What is this… football betting?
We’re sure you’ve heard the term “tikam bola” before when we talk about football betting. More often than not, you’d get roped in by your friends. When you sit down and watch the big games like the World Cup, EPL, Malaysian Super League, Asian Cup, that’s when you’d usually hear some of your friends flexing about their winnings on the bet they’d just made.
The go-to person for all your betting needs is usually called a bookie. They will make offers on what to bet on the game. Some of the usual bettings include:
- Totals Over Under
- Half Time Score
- Correct Score
- First/Last Goal Scorer
- Full-Time Result
The advanced bookies (fuhh) will send offers through sms, Telegram or any social media that is available.
To put it into context, say you're a die-hard Arsenal fan. So, you try your hand at betting. Takkan you guys only bet on one offer, kan? At the very least, you’d bet on a goalscorer and the game’s full-time result. So you put in RM100 for Granit Xhaka, and another RM100 for the game to have a score of 3-0.
You already lost RM200 there. In the EPL where Arsenal play, there are 38 games in a season. You’re already going to put in RM7,600 in hopes of a return that you don’t even know you’re going to get.
This is usually the reason why there are some that go to ah longs just so they can keep satisfying their betting craves. After trying it once, you’d want to go for more, right? But remember, the grass is not always greener on the other side.
Did you know that football betting isn’t actually legal in Malaysia?
Betting at a gaming house and running one is a serious offence in the country, punishable by law. A gaming house here means any premises, including a room, an office or a stall, whether open or enclosed, used or kept for the purpose of any game of chance or a combination of skill and chance, whether permitted by any other law or otherwise, for money or money's worth.
If you are caught operating or betting at a gaming house, you can be convicted under Sections 4 and 6(3) of the Betting Act 1953, which carries this punishment:
“...shall be guilty of an offence and shall, on conviction, be liable to a fine of not less than RM20,000 and not more than RM200,000 and shall also be punished with imprisonment for a term not exceeding five years.”
If you are Muslim and you get caught, you will be charged according to the Syariah Criminal Offences (Federal Territories) Act 1997
“Any person who gambles, or is found in a gaming house, shall be guilty of an offence and shall on conviction be liable to a fine not exceeding RM3,000 or to imprisonment for a term not exceeding two years or to both.”
Source: The Star
Now, if you are found to be accomplices to these gaming houses, PDRM with the help of utility companies like Tenaga Nasional Berhad and water supply companies will resort to drastic measures by cutting the electricity and water supply of the premises.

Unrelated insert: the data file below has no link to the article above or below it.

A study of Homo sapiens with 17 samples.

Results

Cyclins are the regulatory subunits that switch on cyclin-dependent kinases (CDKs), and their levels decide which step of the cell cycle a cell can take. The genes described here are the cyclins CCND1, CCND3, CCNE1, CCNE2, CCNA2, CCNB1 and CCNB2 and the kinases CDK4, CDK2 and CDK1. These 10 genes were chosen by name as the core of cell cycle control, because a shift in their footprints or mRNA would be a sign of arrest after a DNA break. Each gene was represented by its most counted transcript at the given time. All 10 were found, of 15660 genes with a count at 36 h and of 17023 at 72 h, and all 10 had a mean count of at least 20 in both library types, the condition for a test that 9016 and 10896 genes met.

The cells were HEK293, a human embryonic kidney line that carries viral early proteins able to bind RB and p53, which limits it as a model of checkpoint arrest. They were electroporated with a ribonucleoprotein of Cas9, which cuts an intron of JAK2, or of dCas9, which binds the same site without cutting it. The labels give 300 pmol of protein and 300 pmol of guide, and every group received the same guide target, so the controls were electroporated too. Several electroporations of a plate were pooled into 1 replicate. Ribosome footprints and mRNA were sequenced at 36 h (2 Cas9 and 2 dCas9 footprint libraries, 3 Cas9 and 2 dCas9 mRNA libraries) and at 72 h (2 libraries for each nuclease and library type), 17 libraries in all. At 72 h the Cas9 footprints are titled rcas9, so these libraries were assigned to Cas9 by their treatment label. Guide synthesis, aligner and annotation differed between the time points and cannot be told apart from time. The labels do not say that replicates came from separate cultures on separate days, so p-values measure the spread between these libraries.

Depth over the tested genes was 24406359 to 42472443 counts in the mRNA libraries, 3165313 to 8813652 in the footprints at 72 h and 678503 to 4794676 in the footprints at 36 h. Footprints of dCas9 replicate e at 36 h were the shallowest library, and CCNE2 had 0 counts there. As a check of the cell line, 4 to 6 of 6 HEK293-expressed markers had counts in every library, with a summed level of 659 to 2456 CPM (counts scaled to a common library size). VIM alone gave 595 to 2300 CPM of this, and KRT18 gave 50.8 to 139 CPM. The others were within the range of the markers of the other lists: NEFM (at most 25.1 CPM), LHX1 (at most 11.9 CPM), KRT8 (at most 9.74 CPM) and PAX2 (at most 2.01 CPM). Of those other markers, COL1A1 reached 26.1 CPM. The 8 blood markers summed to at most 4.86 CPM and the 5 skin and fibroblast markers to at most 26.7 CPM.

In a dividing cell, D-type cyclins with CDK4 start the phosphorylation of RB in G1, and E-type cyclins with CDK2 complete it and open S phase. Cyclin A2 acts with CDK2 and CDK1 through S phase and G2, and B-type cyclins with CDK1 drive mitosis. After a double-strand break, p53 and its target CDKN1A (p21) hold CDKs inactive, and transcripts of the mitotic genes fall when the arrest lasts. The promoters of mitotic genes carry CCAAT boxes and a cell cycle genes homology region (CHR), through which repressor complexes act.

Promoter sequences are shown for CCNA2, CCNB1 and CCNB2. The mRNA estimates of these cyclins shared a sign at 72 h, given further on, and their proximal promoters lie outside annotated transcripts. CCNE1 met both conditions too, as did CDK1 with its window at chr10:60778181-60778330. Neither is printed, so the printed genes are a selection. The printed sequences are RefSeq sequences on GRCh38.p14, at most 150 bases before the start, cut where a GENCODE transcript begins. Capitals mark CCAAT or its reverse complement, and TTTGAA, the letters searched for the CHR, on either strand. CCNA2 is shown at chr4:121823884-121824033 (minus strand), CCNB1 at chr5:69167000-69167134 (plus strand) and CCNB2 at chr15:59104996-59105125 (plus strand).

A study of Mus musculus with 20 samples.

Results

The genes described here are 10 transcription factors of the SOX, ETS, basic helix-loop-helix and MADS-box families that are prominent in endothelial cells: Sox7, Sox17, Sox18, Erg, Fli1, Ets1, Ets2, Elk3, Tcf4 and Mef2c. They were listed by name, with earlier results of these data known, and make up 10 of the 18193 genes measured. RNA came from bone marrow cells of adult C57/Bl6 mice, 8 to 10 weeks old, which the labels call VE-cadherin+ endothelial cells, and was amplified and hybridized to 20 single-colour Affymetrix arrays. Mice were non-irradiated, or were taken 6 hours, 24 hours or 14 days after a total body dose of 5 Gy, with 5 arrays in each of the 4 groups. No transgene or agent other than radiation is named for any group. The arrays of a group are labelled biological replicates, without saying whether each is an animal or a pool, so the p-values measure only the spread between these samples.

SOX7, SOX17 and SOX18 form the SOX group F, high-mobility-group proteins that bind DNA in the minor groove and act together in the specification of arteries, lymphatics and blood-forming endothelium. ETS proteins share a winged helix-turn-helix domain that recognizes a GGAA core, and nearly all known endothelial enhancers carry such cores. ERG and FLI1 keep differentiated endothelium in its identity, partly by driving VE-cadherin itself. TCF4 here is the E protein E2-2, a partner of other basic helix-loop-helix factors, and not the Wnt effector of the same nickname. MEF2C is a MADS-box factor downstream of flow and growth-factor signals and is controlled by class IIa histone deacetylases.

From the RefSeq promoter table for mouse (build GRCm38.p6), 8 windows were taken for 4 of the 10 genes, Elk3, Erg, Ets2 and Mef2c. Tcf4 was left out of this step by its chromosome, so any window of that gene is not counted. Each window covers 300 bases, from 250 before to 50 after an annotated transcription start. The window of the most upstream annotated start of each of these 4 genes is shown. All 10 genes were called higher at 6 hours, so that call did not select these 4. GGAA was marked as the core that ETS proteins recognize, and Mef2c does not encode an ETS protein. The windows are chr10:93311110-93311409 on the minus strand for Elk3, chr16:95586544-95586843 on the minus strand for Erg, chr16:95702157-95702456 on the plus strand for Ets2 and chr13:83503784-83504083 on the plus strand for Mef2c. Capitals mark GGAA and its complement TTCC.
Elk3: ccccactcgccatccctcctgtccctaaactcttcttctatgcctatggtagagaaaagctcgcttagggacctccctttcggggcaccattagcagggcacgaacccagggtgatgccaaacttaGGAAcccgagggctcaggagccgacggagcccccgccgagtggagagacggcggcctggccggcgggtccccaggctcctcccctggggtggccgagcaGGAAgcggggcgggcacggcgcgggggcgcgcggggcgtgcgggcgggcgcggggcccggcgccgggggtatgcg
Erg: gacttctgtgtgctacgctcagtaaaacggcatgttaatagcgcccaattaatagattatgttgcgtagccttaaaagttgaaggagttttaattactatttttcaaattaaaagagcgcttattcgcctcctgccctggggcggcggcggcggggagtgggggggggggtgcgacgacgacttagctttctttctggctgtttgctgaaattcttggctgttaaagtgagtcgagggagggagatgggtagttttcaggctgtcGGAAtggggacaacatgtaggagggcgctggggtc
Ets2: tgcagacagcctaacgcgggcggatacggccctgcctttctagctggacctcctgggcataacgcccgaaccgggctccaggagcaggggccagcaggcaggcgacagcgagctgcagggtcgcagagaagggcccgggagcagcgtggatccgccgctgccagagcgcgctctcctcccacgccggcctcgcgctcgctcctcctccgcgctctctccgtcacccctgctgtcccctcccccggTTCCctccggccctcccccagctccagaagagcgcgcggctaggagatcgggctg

At this point of time, you’d probably feel the bane of having to pay off the fines because your wallet is probably empty from all the football bets you’ve made. This could lead you down to a downward spiral, harm your mental health, or even worse, make you contemplate suicide!
So, what can you do if you’re caught in the middle of this football betting drama?
If you know of someone, or yourself have gone down the deep end of football betting and is in massive debt, you can contact certified bodies or Non Governmental Organisations (NGO), such as the Malaysian Muslim Consumers Association (PPIM). Contrary to its namesake, they help anyone regardless of race or religion.You can contact them at +603 4256 6618 or click here to make an appointment.
Here’s what PPIM does in helping football/sports bettors get out of debt:
- Assist in restructuring payment schedules
- Assist in nullifying or dropping interest rates
- Assist in negotiating, or dealing with borrowing parties
So far, there are almost 10,000 cases worth millions of ringgit that have been dealt with via their Illegal Moneylender Task Force, which is handled by a professional panel appointed by PPIM, Satria Risk Mitigation Sdn Bhd (SATRIA).
One more thing! If you accidentally provide a space for your friends to run their football betting scheme, please be responsible and relay the necessary information to PDRM, SKMM or even SPRM.
To quote lawyer Fahmi Abdul Moin,
“Whistleblowers are protected by the act, but if the offending party feels wronged and has proof to deny the allegations can do so in court.”
What that means is that you don’t have to worry about making a report, because your identity will be protected through the Whistleblower Protection Act 2010.
If you or a friend has a bad addiction to football betting, you can speak to a psychiatrist to discuss this matter.
You don’t have to feel ashamed about this, as everyone makes mistakes. There's always room and time to correct the wrongs. Hopefully, with the information that we shared, it will give you a little more insight on the effects that football betting can have.
If you have any experience or stories about football betting that you are comfortable with sharing, our Facebook comments section is open for you.
*The above article is intended for informational purposes only. Loanstreet accepts no responsibility for loss that may arise from reliance on information contained in the articles.
4 Ways To Launder Money
How Does Shadow Economy Affect Malaysia’s Income Tax?
If You’re Still into Money Games, Shame on You!